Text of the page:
For centuries, farmers have managed planting materials based on relatively open collective systems of access, exchange, conservation and use. Mostly, farmers themselves defined the rules that have kept materials flowing. Over time, however, the plant genetic resources systems, rules and actors have changed considerably. One conceptual approach to study issues related to these changes and the challenges they have brought about, is known as theory of the commons. Until very recently, the study of the commons focused largely on natural resources other than plant genetic resources; best known through the work of Nobel Prize Winner for Economics, Elinor Ostrom (1933-2012). Interest in plant genetic resources as (global) commons is gaining more ground, however, as two forthcoming conferences and one forthcoming book indicate.
IASC2013 – the 14th Global Conference of the International Association for the Study of the Commons takes place on Mt. Fuji, from 3-7 June 2013. The Conference is on the “Commoners and the Changing Commons: Livelihoods, Environmental Security, and Shared Knowledge” and includes a session on biodiversity and genetic resources as commons.
A Conference on the Design and Dynamics of Institutions for Collective Action will take place at Utrecht University, the Netherlands, 29 November – 1 December 2012, The conference will be held as a tribute to Prof. Dr. Elinor Ostrom, who passed away on 12 June 2012.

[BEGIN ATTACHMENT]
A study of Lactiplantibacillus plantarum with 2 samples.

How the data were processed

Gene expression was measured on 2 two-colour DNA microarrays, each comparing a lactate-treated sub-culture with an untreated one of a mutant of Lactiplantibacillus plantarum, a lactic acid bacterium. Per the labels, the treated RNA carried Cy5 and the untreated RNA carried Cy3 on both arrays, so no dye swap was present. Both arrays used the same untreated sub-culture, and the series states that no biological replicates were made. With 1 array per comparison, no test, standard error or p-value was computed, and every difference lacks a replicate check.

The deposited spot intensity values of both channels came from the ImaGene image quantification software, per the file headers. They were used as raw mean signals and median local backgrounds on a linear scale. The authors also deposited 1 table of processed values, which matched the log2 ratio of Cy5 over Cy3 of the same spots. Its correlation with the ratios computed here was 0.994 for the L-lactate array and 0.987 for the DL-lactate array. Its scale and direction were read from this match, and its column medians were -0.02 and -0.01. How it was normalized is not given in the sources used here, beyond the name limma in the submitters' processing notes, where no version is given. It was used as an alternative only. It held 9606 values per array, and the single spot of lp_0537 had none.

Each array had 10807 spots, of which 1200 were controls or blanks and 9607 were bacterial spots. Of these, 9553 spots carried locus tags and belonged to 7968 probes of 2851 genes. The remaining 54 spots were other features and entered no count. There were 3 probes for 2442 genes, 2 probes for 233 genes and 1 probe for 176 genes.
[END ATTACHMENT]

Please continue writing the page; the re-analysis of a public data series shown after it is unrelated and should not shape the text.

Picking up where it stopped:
Crop Genetic Resources as a Global Commons: Challenges in International Law and Governance – book to be published shortly. This book, from the Earthscan-Bioversity “issues in agricultural biodiversity” series, in about the creation, management and use of the global crop commons. It focuses primarily on the legal and administrative construct that provides the basis of the global crop commons, that is, the multilateral system of access and benefit-sharing created by the International Treaty on Plant Genetic Resources for Food and Agriculture. The book shows how many international organizations and some developing countries are moving quickly with implementation of the Treaty, while other countries are moving slowly and some multinational corporations are expressing misgivings about the system overall. The book is available from Routledge. A limited number of copies will be available from Bioversity International for libraries in developing countries. Contact bio-policy[at]cgiar.org.